It’s hard, if possible, to overstate the influence art collector and dealer, gallerist, producer, and cherished confidant, Bruno Bischofberger (born 1940), had on Andy Warhol’s career trajectory. It was Bischofberger who commissioned portraits of his high-profile clients and more well-known celebrities, leading Warhol to ultimately make his massively popular Mao series (even more directly inspired by Henry Geldzahler) and produce a prolific portfolio of portraiture in the 70s and 80s. Prior to that, he boosted Warhol’s profile in Europe, giving his work exposure to patrons in Zurich in 1965, the same year Ileana Sonnabend was doing so in Paris. He also seems to have been crucial in the construction of Warhol’s catalogue raisonné.

Bruno Bischofberger was born in the aforementioned Zurich and went to university there, studying art history and folk art. He opened his gallery in 1963, and by 1965, was already hosting group shows dedicated to American Pop Art. He met Warhol in 1966 and approached him in 1968 to buy several of his pieces. However, Warhol reportedly had “given up painting”, perhaps a combination of shock from threatened legal action after the premier of his Flowers series and his increasing interest in filmmaking. Incidentally, Bischofberger would produce one of Warhol’s films, a rarely viewed one entitled “L’ Amour”, primarily shot in Paris.

Bischofberger was still able to acquire some early artworks including a Coca-Cola bottle, Superman and Batman, and many from the Death and Disaster series from that 1968 meeting. And obviously, Warhol did indeed pick up the brush yet again (with a little help from Jean-Michel Basquiat), with Bischofberger regularly buying his paintings well into the 80s. The men also traveled together often, touring Swiss sites such as St. Moritz and Appenzell. Bischofberger even made Warhol the godfather to his son, Magnus.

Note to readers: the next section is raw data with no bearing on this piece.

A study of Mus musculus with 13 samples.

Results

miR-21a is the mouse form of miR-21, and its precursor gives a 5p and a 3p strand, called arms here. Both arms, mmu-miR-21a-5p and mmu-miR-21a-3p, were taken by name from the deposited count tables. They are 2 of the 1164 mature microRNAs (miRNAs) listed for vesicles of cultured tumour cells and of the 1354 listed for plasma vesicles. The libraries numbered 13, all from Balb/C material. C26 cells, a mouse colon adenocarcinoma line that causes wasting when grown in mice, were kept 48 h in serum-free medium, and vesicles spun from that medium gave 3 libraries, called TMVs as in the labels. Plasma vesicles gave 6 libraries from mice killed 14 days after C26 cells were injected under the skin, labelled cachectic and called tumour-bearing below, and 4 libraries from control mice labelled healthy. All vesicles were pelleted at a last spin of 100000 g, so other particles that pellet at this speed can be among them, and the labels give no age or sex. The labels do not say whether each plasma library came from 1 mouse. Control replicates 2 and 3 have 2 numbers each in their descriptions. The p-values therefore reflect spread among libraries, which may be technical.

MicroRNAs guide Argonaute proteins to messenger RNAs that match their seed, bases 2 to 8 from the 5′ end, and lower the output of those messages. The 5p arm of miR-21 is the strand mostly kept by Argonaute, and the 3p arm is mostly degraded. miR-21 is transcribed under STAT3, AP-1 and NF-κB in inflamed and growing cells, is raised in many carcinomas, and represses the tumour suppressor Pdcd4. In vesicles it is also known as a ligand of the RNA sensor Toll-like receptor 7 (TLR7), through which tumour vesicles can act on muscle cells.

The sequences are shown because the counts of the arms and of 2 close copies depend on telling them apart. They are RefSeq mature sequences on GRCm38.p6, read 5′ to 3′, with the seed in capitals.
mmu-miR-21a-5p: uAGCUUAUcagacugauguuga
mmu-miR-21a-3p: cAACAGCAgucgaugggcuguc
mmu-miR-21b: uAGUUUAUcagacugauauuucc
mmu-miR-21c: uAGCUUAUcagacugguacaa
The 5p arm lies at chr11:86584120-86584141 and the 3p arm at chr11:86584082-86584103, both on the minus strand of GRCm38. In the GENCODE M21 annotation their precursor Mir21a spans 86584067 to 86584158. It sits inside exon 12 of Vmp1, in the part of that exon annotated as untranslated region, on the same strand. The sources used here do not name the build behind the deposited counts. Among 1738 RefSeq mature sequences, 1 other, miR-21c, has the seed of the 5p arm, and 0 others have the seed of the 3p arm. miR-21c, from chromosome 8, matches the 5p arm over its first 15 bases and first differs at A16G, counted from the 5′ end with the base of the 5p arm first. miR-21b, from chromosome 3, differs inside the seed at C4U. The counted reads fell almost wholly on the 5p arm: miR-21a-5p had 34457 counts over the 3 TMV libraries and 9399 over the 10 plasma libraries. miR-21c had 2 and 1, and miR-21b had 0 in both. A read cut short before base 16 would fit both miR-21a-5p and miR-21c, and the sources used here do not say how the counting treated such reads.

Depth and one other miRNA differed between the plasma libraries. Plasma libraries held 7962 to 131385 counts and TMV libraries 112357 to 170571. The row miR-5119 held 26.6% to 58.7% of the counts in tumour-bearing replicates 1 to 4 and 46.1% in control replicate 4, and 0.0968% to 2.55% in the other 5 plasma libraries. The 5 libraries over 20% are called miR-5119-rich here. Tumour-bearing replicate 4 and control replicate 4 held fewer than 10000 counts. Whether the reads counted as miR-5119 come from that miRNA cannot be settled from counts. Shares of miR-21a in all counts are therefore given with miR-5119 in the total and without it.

Bischofberger was the agent of many other renowned artists, perhaps most famously Jean-Michel Basquiat. It was Bruno Bischofberger who introduced him to Warhol, sparking their legendary collaboration. One can see a fictionalized version of this trio in Julian Schnabel’s 1996 film, Basquiat, with Dennis Hopper portraying Bischofberger. More recently, he has been collaborating with his architect daughter, Nina, to redress buildings to store and exhibit his private collection of furniture. 

 

Silkscreen of a young Bruno Bischofberger on canvas, by Andy Warhol.
Silkscreen of Bruno Bischofberger on canvas by Andy Warhol, circa 1969.